DiPAR: Diagnosing Parkinson’s Disease by neuromuscular function evaluation

Researcher: Esther Smits, PhD

Thesis defense: 2016

Second promotor: Prof. Marina de Koning-Tijssen, MD, PhD

Collaborators: Prof. Nico Leenders, MD, PhD, Rutger Zietsma, PhD (Manus Neurodynamica LtD, Newcastle, UK), Mark van Gils (VTT, Tampere, Finland), John Watt (University of Glasgow, UK), Olaf Schroeder (Pattern Expert, Borsdorf, Germany), Heinrich Grüger (Fraunhofer Institute, Dresden, Germany), Harald von Rosenberg (Fraunhofer Institute, Stuttgart, Germany), Holger von Runkewitz (Inotec)

Funding: R4SME-FP7 EU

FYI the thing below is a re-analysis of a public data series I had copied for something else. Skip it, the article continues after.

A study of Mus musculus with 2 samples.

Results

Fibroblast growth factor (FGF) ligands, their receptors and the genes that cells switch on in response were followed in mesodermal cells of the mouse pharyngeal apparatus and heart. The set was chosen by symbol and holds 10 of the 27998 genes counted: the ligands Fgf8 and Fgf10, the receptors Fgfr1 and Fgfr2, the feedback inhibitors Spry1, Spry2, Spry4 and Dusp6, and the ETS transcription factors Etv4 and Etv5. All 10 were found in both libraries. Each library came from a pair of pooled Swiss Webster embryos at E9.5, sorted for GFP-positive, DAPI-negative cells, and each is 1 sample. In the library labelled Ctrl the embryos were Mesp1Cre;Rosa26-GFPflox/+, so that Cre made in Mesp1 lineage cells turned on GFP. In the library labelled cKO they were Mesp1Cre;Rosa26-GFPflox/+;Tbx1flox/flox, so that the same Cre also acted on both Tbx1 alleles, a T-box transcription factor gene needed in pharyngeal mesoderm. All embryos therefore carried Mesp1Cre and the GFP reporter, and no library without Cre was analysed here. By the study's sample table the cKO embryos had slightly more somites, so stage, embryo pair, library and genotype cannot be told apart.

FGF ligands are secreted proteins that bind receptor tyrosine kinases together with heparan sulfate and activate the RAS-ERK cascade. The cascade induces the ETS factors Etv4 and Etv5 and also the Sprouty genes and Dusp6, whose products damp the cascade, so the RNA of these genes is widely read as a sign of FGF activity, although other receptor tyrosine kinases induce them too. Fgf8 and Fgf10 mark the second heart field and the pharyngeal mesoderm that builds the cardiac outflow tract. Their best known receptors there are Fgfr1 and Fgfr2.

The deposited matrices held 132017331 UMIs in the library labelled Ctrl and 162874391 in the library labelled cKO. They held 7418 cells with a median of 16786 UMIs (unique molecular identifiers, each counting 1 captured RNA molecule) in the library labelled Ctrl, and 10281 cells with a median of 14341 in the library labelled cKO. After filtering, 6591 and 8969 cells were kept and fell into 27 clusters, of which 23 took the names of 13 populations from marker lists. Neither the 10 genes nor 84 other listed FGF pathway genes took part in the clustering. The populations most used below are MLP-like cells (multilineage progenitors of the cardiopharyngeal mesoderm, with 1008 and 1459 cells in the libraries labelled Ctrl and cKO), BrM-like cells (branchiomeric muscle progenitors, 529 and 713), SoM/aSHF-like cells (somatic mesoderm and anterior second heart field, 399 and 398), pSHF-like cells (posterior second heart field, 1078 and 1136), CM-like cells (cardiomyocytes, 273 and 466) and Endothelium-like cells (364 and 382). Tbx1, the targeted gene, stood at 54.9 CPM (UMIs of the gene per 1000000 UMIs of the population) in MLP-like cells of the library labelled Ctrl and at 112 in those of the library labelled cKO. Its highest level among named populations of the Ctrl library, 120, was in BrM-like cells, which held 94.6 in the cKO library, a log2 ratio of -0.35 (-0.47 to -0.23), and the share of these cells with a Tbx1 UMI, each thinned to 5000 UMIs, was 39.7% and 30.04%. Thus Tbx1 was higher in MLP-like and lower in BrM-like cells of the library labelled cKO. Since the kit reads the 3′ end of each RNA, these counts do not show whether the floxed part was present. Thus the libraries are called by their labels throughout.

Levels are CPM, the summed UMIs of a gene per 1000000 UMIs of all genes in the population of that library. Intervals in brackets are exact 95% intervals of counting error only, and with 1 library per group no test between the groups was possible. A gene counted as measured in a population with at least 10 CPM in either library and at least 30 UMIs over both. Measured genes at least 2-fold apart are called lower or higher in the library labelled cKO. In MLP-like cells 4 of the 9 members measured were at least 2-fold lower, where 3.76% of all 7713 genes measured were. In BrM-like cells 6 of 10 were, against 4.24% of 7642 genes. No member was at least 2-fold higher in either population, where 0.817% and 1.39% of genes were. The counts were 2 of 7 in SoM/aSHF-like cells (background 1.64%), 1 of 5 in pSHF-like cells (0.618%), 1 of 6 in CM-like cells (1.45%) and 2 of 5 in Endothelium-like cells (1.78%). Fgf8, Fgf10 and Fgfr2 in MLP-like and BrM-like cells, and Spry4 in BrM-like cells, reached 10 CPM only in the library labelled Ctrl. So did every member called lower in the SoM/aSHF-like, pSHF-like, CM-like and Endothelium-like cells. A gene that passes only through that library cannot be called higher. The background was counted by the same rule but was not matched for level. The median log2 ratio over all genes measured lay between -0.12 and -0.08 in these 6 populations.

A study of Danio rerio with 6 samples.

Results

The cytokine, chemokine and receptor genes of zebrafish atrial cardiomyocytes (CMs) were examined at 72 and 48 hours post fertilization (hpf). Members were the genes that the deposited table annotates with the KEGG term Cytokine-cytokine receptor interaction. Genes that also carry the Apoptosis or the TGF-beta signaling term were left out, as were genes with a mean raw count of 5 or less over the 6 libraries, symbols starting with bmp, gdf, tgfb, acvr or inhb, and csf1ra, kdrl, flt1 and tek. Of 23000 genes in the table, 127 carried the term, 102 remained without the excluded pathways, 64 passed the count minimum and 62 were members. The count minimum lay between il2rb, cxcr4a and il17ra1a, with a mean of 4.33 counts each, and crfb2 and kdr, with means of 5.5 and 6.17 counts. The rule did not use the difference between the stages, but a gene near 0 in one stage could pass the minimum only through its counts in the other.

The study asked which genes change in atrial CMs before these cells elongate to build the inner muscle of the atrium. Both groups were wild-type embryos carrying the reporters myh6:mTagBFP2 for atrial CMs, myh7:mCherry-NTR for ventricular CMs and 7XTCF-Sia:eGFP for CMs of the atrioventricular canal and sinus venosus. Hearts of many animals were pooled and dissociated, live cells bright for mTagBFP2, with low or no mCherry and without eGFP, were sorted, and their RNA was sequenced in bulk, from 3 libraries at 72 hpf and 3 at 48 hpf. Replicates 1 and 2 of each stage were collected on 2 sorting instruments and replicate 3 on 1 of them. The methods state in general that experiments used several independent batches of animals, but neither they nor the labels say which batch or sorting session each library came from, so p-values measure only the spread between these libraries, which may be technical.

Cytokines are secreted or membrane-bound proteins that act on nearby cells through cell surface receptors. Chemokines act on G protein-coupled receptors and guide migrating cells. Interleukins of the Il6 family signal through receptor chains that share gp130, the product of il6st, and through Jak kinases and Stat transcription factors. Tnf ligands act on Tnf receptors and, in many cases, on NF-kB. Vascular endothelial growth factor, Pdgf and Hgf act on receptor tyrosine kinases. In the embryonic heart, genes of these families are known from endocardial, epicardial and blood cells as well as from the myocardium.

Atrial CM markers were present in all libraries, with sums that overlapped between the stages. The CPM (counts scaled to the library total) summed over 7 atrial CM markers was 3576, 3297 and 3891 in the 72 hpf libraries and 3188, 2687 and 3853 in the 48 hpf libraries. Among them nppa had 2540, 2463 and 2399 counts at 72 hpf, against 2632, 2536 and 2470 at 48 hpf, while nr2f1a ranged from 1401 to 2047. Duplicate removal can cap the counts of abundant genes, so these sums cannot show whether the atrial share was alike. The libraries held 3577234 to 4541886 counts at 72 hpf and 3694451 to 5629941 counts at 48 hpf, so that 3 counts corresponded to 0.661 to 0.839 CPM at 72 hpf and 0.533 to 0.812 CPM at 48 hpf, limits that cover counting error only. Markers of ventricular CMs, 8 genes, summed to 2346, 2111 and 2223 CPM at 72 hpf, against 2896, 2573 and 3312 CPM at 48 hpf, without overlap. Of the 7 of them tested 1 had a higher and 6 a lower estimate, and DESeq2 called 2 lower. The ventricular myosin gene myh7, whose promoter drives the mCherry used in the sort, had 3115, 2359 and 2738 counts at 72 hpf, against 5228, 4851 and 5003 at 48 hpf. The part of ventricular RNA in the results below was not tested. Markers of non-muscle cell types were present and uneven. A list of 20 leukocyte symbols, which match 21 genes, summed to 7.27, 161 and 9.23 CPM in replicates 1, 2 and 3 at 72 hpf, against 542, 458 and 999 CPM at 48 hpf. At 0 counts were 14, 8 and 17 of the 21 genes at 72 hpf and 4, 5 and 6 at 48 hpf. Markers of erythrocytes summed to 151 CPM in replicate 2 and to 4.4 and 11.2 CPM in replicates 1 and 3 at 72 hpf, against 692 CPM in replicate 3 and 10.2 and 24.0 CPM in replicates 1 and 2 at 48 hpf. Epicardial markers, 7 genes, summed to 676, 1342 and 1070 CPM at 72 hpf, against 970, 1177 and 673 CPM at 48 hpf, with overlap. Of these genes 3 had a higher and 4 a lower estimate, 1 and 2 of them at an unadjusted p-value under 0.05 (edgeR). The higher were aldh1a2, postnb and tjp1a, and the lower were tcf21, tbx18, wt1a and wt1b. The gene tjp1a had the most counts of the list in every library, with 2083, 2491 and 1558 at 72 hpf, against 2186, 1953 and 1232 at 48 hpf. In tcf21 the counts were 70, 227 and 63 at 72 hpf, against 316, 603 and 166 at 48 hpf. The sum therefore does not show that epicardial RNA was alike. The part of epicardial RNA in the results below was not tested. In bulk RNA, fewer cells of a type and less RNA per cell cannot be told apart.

Parkinson’s disease is a neurodegenerative disorder that is often characterized by motor symptoms. The four cardinal motor symptoms are bradykinesia (slow movement), resting tremor (trembling of a body part in rest), rigidity (muscular stiffness), and balance problems. In addition, a reduction in handwriting size (micrographia) is often seen. Correct diagnosis of Parkinson’s disease is essential for optimal treatment and to improve a patient’s quality of life. Currently, the Unified Parkinson’s Disease Rating Scale (UPDRS) is the most widely used method to assess motor symptoms. This assessment depends on the experience and interpretation of the physician. Diagnostic accuracy improves with increasing clinical experience. Unfortunately, patients do not always have timely access to a movement disorder specialist and other health care workers could easily miss mild symptoms of Parkinson’s disease. Therefore a method that provides objective measures of the motor symptoms of Parkinson’s disease could be useful. In this thesis a newly developed system is evaluated for this purpose. The system consists of a sensor-pen and digital tablet, and records graphical tasks such as handwriting and drawing. This thesis shows that the new system provides objective measures to assess bradykinesia, micrographia and tremor simultaneously. Differences in performance on the tasks were found between Parkinson patients and healthy controls and patients with other tremor disorders. Additionally, an effect of medication was seen in Parkinson patients. This newly developed system is portable, non-invasive and could be easily used at home without an examiner and therefore offers great opportunities for future clinical applications.